How HR Leaders Are Creating Moments that Matter to Improve Employee Experience
Deskless workers make up 80 percent of the workforce,1 but only account for less than one percent of companies’ enterprise software spends. Throughout the COVID-19 pandemic, however, it has become clear that deskless workers are the essential workforce keeping the world running.
Moving forward, that new understanding of the value of the deskless worker needs to continue to be recognized by employers, who should be seeking to meet employee’s increasing expectations in order to attract and retain talent.
Read on for some key takeaways from HR Leaders’ recent webinar, How to Enhance the Employee Experience of Today’s Most Critical Worker: The Deskless Worker.
Who Are Deskless Workers and Why Do They Matter?
First, let’s dig into what “deskless worker” means beyond the literal sense.
“The frontline team, people that are working away on a sales floor, a manufacturing plant, driving a truck. That’s what we define as a deskless worker,” says Marc Gingras, WorkForce Software’s SVP, Employee Experience Strategy.
Not having a desk might not seem like a big deal, but people who work at desks traditionally have easier access to information. They have a computer to access email or intranet, and a phone to text or call colleagues and clients.
Deskless workers, meanwhile, tend to be at the bottom of the communication funnel, often receiving important information last and once it’s gone through corporate, regional or district managers, and then finally shared by on-duty managers. But that system can be unreliable—the nature of shift-based work means that all employees won’t be gathered together at one time to attend meetings, paper memos posted in break rooms often go unnoticed, and messages sent to personal emails or phones may go ignored outside of work hours.
It wasn’t until the pandemic forced workers who typically work at desks to work remotely that many noticed the communication gap created by missing out on watercooler talk or in-office conversations and the frustration that comes with being disconnected from the rest of the organization. In many ways, forced remote work has levelled the playing field between office workers and the frontline staff.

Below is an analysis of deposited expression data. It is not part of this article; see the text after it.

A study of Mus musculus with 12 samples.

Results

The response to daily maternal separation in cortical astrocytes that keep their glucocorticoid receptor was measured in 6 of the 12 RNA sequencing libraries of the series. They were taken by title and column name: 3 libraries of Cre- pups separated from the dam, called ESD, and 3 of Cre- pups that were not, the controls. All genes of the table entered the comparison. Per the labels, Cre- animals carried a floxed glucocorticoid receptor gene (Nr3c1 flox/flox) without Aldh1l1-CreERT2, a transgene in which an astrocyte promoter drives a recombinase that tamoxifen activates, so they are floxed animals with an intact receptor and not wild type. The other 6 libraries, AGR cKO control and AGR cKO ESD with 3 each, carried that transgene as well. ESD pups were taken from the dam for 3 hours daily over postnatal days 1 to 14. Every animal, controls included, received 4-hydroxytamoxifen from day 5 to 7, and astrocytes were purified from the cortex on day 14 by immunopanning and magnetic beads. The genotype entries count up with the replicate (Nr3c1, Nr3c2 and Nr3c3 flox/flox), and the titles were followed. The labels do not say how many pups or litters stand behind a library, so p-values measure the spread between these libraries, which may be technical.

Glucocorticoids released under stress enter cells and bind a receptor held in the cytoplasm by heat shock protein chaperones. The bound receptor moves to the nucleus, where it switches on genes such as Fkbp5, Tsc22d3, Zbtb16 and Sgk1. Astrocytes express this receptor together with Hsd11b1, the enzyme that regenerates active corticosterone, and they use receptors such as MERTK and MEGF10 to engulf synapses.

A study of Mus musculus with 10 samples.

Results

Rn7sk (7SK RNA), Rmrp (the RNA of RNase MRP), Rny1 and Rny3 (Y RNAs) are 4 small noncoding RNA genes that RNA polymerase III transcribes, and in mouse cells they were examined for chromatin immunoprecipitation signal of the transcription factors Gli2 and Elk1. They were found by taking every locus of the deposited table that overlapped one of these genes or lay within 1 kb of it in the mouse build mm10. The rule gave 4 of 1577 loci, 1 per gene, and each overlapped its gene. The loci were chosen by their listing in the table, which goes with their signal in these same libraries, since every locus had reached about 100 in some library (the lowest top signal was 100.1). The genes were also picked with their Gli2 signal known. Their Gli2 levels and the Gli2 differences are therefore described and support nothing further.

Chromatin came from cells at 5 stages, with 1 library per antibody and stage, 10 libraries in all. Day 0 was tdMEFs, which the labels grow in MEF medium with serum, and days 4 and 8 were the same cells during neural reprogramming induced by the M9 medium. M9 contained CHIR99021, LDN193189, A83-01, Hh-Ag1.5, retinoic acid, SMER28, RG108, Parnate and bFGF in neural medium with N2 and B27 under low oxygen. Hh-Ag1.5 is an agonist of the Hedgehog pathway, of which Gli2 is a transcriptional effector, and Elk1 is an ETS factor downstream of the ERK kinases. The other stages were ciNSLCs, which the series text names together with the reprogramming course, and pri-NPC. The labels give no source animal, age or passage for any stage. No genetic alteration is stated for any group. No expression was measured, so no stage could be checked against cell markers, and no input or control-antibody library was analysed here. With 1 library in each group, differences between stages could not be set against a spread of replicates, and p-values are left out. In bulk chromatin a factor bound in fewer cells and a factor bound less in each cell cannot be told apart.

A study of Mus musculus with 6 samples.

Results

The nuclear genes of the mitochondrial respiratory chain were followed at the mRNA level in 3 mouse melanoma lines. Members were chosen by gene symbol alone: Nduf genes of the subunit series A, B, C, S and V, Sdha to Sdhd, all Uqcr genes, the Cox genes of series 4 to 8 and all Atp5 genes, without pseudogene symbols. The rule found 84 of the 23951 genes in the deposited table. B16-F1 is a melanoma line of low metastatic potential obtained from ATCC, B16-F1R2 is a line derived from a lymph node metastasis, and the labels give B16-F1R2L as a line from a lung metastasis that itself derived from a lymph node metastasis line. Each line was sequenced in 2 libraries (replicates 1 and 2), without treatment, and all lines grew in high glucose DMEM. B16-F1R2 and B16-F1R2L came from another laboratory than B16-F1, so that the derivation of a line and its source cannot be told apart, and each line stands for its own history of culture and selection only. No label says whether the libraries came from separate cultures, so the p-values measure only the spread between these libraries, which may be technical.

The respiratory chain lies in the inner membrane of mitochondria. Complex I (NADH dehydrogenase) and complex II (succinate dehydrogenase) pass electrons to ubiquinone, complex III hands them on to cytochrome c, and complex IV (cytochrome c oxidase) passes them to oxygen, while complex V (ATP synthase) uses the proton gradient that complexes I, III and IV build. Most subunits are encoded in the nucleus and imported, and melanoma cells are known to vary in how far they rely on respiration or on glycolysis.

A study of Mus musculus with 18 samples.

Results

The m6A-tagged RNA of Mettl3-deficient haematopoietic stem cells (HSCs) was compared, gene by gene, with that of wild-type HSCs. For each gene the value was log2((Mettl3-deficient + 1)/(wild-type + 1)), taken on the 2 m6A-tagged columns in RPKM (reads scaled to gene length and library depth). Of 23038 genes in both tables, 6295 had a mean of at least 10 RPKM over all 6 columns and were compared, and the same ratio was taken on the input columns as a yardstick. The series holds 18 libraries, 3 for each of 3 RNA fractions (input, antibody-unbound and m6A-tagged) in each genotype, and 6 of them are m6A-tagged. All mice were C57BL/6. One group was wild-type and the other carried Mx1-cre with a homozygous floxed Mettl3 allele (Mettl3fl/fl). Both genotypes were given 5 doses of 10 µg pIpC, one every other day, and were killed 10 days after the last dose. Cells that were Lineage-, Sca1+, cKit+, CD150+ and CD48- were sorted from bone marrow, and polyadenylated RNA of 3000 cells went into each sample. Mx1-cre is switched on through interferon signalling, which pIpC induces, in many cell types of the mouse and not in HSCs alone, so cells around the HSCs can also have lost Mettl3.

Now, especially as we move towards a future of hybrid work, it’s clear that the problems facing the deskless worker population need to be addressed in order to improve the employee experience for everyone.
How to Improve the Employee Experience for Your Entire Workforce
HR Leaders’ recent webinar provided fruitful discussion on ways to improve the employee experience for deskless workers. Here are some of the main takeaways:
1. Provide Tools and Technology to Assist Deskless Workers
Providing employees with the tools and technology to make their jobs easier is crucial to making sure they have a positive experience at work—and in the case of most deskless workers, that means going mobile. Making resources available to staff where they work means they don’t need to leave the floor to find information, ask for clarification, or communicate with their colleagues and managers.
2. Continue to Build Company Culture
Remote work during the pandemic made a lot of workers realize how difficult it can be to maintain a strong company culture when employees aren’t together in the same space. Going forward, it’s important to continue to engage all employees in a distributed workforce. If your workforce has grown accustomed to frequent virtual updates from the CEO or monthly virtual social events during the pandemic, keep that level of engagement going—and ensure that it is extended to the deskless members of your workforce.
3. Improve Communication
Communication is essential to creating a great employee experience. A centralized platform is key to ensuring that all work-related communication is organized and remains professional. Without a single source of truth (i.e., announcements from the CEO, updates from managers), employees may seek information from unverified platforms such as Facebook or WhatsApp, leading to misinformation and security issues.
4. Collect Real-Time Employee Sentiment
Multiple speakers on the panel endorsed collecting real-time sentiment from their employees, opting for weekly or monthly check-ins (with additional availability as needed) rather than relying on annual surveys. In addition to engaging employees more directly and more frequently, tools like instant mobile surveys improve the employee experience by allowing workers to voice concerns as they arise. When their voices are heard and their concerns are addressed in a timely manner, employees will be far more likely to remain loyal to their employer.
For discussions around these ideas, and additional suggestions for enhancing the employee experience for deskless workers, watch the complete webinar here.
Learn how WorkForce Experience can help your organization transform internal communications, simplify access to essential information, act on moments that matter most to your employees, and drive operational excellence.
1. Turlica, Chris. “Don’t Ignore The Deskless Workforce.” Forbes. April 21, 2020.